Proof That Creating a Light Fixture is Easier Than You Might Think
The first time I visited Thomas’ home, he told me not to focus on the light hanging in his dining room—he had plans to make a custom fixture. After it was completed, I came back to take a look and was so impressed by how he was able to implement his vision while waiting patiently for all the pieces to fall into place.
I often have an idea of something I want, in my mind. An end table, a dresser, a piece of serving ware, etc. With that idea, I spend a fair amount of time searching for it. However, after a long time looking (sometimes years) and not finding it, I decide I need to build/design/fabricate/make it myself. I rarely will move into making an item unless I have really figured out how it is going to be constructed. My design background is helpful in this area as it aides me to better understand materials, how they work together, and the look of the final piece.
With this light fixture, I knew I wanted a multi-pendant style fixture for above my dining table. I wanted something unique, slightly industrial, yet minimal. I was clear the fixture would be made up of cube shapes or, more accurately, the outline of a cube. I found several versions online. But the fixture I was hoping for needed to have the light source (bulbs) suspended from the corners of the cube with the bulb floating in the middle.
I had literally been imagining this fixture and searching for it for years. Along the way I kept gathering pieces and components which I thought might work together to create the piece one day.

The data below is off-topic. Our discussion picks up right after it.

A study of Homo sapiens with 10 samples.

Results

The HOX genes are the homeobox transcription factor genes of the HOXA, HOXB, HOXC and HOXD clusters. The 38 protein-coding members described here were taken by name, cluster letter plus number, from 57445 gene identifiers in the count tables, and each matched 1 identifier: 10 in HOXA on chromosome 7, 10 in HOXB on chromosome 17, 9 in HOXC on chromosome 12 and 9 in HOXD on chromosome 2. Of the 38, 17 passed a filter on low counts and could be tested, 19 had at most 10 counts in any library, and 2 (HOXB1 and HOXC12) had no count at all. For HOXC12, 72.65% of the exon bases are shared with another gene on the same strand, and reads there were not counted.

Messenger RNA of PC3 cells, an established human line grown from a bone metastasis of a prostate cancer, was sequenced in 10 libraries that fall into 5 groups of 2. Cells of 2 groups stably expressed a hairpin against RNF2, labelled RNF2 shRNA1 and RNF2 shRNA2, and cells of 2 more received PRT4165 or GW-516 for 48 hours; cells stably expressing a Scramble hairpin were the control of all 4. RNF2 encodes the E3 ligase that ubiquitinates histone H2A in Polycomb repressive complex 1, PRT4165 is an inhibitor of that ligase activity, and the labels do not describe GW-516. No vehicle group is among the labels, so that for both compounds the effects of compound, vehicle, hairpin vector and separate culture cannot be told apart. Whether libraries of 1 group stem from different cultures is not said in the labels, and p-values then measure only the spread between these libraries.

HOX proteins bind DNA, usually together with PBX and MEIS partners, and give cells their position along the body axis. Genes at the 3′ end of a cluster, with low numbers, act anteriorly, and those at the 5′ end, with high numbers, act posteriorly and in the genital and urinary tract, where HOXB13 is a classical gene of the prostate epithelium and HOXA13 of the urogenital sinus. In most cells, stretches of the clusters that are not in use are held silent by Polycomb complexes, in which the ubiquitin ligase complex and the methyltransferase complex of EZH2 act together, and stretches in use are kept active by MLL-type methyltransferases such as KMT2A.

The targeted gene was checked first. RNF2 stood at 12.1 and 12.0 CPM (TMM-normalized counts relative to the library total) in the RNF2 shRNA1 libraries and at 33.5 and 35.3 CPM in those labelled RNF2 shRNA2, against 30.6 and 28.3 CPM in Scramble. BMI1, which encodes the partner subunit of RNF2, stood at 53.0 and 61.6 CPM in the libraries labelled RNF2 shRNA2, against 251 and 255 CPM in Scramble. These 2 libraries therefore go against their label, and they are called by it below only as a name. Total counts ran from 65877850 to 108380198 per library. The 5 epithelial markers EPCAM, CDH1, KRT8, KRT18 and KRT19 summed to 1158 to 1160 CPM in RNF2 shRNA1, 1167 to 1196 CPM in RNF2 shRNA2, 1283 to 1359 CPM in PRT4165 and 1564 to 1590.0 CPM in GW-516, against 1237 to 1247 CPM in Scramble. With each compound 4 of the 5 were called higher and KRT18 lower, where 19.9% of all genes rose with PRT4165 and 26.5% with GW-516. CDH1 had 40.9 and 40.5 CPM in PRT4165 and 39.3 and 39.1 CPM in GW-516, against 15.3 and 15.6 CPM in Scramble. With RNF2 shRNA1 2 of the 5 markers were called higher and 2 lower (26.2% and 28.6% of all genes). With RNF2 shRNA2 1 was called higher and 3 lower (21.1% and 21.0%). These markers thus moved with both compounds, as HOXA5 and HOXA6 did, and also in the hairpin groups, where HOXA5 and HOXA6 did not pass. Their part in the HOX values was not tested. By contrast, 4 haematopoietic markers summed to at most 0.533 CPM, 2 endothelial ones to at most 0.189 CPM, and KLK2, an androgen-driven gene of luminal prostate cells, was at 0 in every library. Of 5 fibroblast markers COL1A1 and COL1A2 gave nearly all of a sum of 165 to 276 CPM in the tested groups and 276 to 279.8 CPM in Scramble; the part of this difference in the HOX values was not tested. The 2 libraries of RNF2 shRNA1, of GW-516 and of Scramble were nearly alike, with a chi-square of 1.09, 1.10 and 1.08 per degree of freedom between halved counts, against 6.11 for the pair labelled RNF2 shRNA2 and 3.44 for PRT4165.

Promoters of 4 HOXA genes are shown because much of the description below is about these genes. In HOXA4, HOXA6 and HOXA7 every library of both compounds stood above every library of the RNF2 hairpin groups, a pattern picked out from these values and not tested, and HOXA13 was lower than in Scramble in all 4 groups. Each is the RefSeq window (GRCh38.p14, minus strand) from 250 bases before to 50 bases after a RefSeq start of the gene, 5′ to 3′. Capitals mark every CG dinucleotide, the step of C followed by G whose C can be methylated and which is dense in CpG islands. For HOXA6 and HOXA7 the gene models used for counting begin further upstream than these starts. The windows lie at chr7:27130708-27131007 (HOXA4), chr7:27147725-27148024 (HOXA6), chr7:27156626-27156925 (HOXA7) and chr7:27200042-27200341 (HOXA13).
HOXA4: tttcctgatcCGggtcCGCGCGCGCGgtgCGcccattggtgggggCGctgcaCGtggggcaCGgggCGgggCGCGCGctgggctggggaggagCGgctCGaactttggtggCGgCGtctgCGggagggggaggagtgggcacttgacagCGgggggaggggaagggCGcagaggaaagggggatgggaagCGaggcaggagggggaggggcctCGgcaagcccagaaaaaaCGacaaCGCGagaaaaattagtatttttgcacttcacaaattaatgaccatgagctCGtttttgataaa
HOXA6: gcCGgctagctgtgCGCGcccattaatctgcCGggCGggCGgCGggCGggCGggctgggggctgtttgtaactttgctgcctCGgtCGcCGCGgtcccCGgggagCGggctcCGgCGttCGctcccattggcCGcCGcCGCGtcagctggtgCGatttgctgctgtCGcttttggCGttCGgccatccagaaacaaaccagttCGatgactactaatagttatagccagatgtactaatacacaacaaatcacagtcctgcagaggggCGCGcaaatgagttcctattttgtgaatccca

I worked at a place that purchased an existing “off-the-shelf” light fixture (they had bought it because of the particular pendants on the fixture). After snipping off what they were after, the hardwired main portion of the fixture (the part that mounts to the ceiling) was about to be discarded— I grabbed it and kept it stored for later use.
When I discovered a set of hurricane candle lanterns I knew I had found the “outline of the cubes” I had been in search of. The original hurricane lanterns had a bracket across the base which I ground off with a metal grinder. I then painted them black with spray paint.
The final part I needed was a small collar which I could use to create a tension knot in the cord thus allowing the bulbs to “float” in the middle. I found the collar in an antique hardware bin at a thrift store. Lucky for me it was made of copper, which I think adds a very nice touch the the aesthetic of the fixture.
All that was left was to buy lamp wiring hardware at my local hardware store and put it all together.
After finding all the parts and pieces, putting the light fixture together was just like putting together a puzzle. There are many online videos that can show anyone how. Hard-wiring the fixture into my ceiling was easy, too, and super safe once you turn a main power source off.